Barton-Kellogg olefination

What is Barton-Kellogg olefination?

Concurrently in 1970, Barton and Kellogg independently reported a reaction, which is commonly referred to as the Barton-Kellogg olefination, Barton-Kellogg olefin synthesis, or Barton-Kellogg reaction. This reaction involves coupling two ketones to form alkenes and is particularly useful for synthesizing hindered alkenes.

Barton-Kellogg olefination - Barton-Kellogg olefin synthesis - Barton-Kellogg reaction
Barton-Kellogg olefination

The introduction of steric constraints in this reaction occurs through a series of sequential steps, starting with a 1,3-dipolar cycloaddition that forms a five-membered Δ3-1,3,4-thiadiazoline, followed by nitrogen elimination to produce a three-membered episulfide, and finally sulfur extrusion to yield the desired alkenes. Although this reaction can be used to create asymmetric alkenes using two different ketones, the formation of symmetric alkenes is an unavoidable by-product.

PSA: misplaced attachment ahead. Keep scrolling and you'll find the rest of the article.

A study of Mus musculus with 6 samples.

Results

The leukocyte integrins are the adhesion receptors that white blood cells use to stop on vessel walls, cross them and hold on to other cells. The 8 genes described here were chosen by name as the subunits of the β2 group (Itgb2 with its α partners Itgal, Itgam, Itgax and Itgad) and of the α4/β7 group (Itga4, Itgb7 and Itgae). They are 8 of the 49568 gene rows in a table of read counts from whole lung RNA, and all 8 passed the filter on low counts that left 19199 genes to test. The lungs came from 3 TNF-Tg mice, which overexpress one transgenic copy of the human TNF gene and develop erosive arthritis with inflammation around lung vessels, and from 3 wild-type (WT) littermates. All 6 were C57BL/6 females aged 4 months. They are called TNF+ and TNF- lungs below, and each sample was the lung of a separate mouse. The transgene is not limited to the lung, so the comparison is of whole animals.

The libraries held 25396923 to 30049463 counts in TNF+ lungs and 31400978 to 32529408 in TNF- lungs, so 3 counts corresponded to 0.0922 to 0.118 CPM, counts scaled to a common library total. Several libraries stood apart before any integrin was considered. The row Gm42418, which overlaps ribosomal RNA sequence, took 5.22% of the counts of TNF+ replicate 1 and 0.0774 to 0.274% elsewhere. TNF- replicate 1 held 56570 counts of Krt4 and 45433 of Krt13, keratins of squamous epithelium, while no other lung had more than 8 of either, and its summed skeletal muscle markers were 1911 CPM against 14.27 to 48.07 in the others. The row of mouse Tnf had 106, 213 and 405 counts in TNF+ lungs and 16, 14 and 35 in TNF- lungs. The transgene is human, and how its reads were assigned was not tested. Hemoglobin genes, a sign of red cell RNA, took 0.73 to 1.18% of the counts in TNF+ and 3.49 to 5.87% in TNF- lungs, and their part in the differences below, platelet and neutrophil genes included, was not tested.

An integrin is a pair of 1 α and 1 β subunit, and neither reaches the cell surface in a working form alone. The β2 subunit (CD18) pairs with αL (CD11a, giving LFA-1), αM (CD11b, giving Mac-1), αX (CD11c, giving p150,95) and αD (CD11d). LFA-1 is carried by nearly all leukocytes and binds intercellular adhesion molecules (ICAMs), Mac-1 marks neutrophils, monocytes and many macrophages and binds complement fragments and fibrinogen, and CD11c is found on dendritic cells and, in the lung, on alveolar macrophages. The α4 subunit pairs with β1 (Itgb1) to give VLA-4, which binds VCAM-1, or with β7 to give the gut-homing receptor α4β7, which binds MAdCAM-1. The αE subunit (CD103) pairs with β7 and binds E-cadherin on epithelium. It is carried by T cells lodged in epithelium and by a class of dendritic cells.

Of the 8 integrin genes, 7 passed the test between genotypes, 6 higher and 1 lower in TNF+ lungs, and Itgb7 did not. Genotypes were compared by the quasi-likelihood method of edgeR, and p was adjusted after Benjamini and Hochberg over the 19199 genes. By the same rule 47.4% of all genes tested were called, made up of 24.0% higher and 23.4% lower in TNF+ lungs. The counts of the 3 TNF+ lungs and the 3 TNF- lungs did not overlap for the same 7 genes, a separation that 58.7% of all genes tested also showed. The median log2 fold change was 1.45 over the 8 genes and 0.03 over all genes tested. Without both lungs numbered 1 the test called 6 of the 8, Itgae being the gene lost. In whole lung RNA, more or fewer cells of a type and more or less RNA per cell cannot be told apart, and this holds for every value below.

The application of this reaction is particularly useful in the synthesis of alkenes, especially those that are highly crowded.


  • Barton, D. H. R. and Willis, B. J., J. Chem. Soc., Chem. Commun., 1970, 1226.
  • Barton, D. H. R. and Willis, B. J., J. Chem. Soc., Perkin Trans. I, 1972, 305.
  • Kellogg, R. M. and Wassenaar, S., Tetrahedron Lett., 1970, 1987.
  • Kellogg, R. M.; Wassenaar, S. and Buter, J., Tetrahedron Lett., 1970, 4689.
  • Buter, J.;Wassenaar, S. and Kellogg, R. M., J. Org. Chem., 1972, 37, 4045.